Howard Beck was in Florida and the New York Times scribe caught up with Brandon Jennings, who makes his Madison Square Garden debut tonight against the Knicks.
The unfettered Jennings admitted to Beck that the game had extra meaning, not just because it was his NBA debut at the basketball mecca.
"This one's going to be a little bit more personal," he said, "because I did want to go there."
Jennings has one trait that is common in some of the game's best players: a high respect and interest in history. Like Kobe Bryant and LeBron James, Jennings engulfs himself in basketball legend and can't keep himself away from the game.
I remember when I first met Jennings at his workout with the Knicks last June and how he had what I thought was exactly what the Knicks needed: an unrelenting self-confidence and swagger and awareness.
And he wanted to be a Knick and to play for Mike D'Antoni, just as much as Stephen Curry.
"I really want to come here, I'm not going to lie," Jennings said that day in June. "D'Antoni's system is great for all point guards. You see what he did for Steve Nash, two years MVP back-to-back and the Phoenix Suns were one of the most exciting teams to watch in the NBA for those two years. So his system is great for me."
One could argue that it even helped Chris Duhon look decent statistically, with a top 10 assists-to-turnovers ratio (3.45). But one fact that couldn't go protected was shooting (34.8 percent).
Jennings has already proven he can score this season, especially after the double-nickels he dropped against the Warriors on Nov. 14. Like any rookie, the wall usually comes at mid-season and we're seeing it now in Jennings. He had just two points (1-for-7) in 27 minutes in Tuesday's loss in Orlando and over his last 10 games his averaged has dipped to 13.6 points on 33.8 percent shooting. In his last five, he is scoring 11.6 points and shooting 34.4 percent.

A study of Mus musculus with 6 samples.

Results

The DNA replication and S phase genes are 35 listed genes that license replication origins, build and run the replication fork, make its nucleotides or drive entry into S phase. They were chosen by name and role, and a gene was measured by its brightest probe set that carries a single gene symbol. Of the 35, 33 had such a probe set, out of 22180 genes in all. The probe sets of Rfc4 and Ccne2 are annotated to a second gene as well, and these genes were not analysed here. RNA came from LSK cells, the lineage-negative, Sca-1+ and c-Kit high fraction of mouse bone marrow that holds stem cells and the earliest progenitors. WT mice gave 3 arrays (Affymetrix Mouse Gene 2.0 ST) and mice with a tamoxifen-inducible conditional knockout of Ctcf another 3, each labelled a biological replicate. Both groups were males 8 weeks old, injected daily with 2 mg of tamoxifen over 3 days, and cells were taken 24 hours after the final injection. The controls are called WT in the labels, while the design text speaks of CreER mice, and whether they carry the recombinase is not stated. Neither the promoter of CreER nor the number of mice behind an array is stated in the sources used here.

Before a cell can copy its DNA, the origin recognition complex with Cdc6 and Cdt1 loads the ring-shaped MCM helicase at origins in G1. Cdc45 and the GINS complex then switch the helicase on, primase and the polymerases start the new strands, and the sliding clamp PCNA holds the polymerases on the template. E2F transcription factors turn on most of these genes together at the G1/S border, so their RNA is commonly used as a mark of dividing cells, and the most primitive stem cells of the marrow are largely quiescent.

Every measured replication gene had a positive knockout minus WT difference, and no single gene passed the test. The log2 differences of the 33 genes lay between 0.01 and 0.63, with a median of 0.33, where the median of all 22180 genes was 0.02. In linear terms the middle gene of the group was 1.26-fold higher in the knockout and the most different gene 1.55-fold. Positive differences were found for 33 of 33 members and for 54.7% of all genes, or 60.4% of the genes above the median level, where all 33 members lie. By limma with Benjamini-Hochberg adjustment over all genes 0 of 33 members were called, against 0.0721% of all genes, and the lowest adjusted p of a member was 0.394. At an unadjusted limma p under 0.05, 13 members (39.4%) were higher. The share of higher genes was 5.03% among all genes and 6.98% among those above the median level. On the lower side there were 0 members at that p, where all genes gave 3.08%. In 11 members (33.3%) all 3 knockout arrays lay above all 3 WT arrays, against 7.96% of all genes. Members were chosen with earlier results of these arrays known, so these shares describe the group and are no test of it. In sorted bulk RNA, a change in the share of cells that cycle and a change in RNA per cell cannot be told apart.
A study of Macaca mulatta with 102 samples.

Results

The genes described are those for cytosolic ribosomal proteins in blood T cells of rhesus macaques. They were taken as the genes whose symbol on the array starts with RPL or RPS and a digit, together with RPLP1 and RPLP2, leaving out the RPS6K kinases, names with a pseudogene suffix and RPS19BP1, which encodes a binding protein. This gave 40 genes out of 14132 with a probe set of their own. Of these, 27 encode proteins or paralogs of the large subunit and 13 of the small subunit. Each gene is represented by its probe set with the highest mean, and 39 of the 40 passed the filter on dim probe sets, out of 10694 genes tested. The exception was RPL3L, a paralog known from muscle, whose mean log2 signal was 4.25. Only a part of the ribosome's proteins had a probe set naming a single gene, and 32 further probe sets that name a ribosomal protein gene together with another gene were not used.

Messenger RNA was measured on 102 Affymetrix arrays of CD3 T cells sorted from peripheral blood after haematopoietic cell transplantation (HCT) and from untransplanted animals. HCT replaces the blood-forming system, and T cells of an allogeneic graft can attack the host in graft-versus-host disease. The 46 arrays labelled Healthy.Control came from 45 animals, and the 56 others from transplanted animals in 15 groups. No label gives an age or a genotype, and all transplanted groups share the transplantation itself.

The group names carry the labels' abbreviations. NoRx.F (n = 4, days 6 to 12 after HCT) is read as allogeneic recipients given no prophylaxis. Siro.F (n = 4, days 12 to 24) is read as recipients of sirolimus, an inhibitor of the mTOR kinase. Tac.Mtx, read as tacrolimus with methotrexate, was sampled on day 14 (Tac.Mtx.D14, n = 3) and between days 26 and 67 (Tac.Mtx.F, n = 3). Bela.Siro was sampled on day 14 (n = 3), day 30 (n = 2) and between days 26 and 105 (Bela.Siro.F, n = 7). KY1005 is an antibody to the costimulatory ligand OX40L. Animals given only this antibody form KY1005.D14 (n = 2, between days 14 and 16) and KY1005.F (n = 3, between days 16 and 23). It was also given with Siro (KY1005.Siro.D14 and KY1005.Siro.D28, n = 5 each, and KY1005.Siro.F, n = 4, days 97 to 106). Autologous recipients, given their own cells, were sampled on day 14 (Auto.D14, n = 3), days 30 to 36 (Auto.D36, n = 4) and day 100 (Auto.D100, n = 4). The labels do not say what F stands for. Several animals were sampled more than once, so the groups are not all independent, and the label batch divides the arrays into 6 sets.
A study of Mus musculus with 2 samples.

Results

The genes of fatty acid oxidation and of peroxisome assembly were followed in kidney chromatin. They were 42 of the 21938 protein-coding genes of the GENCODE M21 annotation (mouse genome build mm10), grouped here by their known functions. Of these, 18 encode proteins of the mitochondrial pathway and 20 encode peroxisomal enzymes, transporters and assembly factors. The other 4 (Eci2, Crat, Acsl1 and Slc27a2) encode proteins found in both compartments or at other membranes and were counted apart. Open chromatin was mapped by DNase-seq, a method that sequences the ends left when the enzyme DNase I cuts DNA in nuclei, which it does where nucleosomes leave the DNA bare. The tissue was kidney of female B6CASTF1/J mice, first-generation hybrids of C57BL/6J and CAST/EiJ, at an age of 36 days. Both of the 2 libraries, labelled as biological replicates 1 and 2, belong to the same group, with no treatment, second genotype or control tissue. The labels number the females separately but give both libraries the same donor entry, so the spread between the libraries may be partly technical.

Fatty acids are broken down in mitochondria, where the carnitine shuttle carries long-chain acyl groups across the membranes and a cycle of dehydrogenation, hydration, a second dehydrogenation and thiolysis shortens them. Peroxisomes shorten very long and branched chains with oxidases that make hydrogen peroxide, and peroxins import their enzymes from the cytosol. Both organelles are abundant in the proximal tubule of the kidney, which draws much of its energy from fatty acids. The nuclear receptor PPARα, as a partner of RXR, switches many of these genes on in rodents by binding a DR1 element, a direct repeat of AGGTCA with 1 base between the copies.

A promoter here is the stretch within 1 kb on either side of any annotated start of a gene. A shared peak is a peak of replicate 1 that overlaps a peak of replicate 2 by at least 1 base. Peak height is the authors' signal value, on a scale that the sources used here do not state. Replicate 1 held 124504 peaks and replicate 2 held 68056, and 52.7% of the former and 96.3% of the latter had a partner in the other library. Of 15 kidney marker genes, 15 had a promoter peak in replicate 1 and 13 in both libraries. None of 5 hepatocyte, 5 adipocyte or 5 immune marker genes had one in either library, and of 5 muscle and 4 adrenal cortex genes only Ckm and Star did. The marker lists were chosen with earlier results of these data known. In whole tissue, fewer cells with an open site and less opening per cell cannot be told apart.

It happens. What is encouraging about Jennings is while is scoring production is down, his assists remain fairly static. Over the last 10 games, he is dishing out 7 assists per game and 6.2 in his last five, which is right at his season average.
Scott Skiles has used Luke Ridnour as a key part of his rotation off the bench and he has responded with a solid season for the Bucks. Ridnour's play has certainly caught the attention of the Knicks, though it is highly unlikely the Bucks would consider trading such an important piece of insurance by the Feb. 18 trade deadline. Not with the Bucks very much in contention for a playoff spot in the East (and battling with the Knicks for it). But this summer, when Ridnour is a free agent, he could be an option, though one of a several.
At this point it's not worth rehashing the events of the 2009 draft. What's done is done. Donnie Walsh admitted his scouts didn't push him on Jennings and when it came down to a decision, once Curry and Tyreke Evans -- Walsh's top two choices, make no mistake -- were off the table, the front office decided to go with a big in Jordan Hill.
We've expressed our opinion on this enough. When a franchise is rebuilding, you can't afford to get lottery picks wrong. Walsh and Co. got it 100 percent right with Danilo Gallinari in 2008. Of course there were others who went later in the draft that the Knicks could have chosen -- Eric Gordon, Brook Lopez, Jason Thompson, J.J. Hickson -- but Gallo fit all of the needs and after some major concerns as a rookie with the back issue, he's had a solid redshirt rookie season and there's no doubt there is great potential with so much room to grow.
Time will tell if Hill was indeed the wrong choice for 2009. And Jennings may fizzle like some players do after making a big splash early in their careers.
Right now, I just don't see it in this kid.
Nate Robinson has the challenge of guarding him and the timing of moving Nate into the starting lineup for this game is a good move for two reasons (aside from Duhon's play, obviously): 1. you need speed to counter Jennings and Nate should rise to the challenge. 2. it's a good diversion to keep the fans occupied with the lineup change rather than the lottery pick you could have had.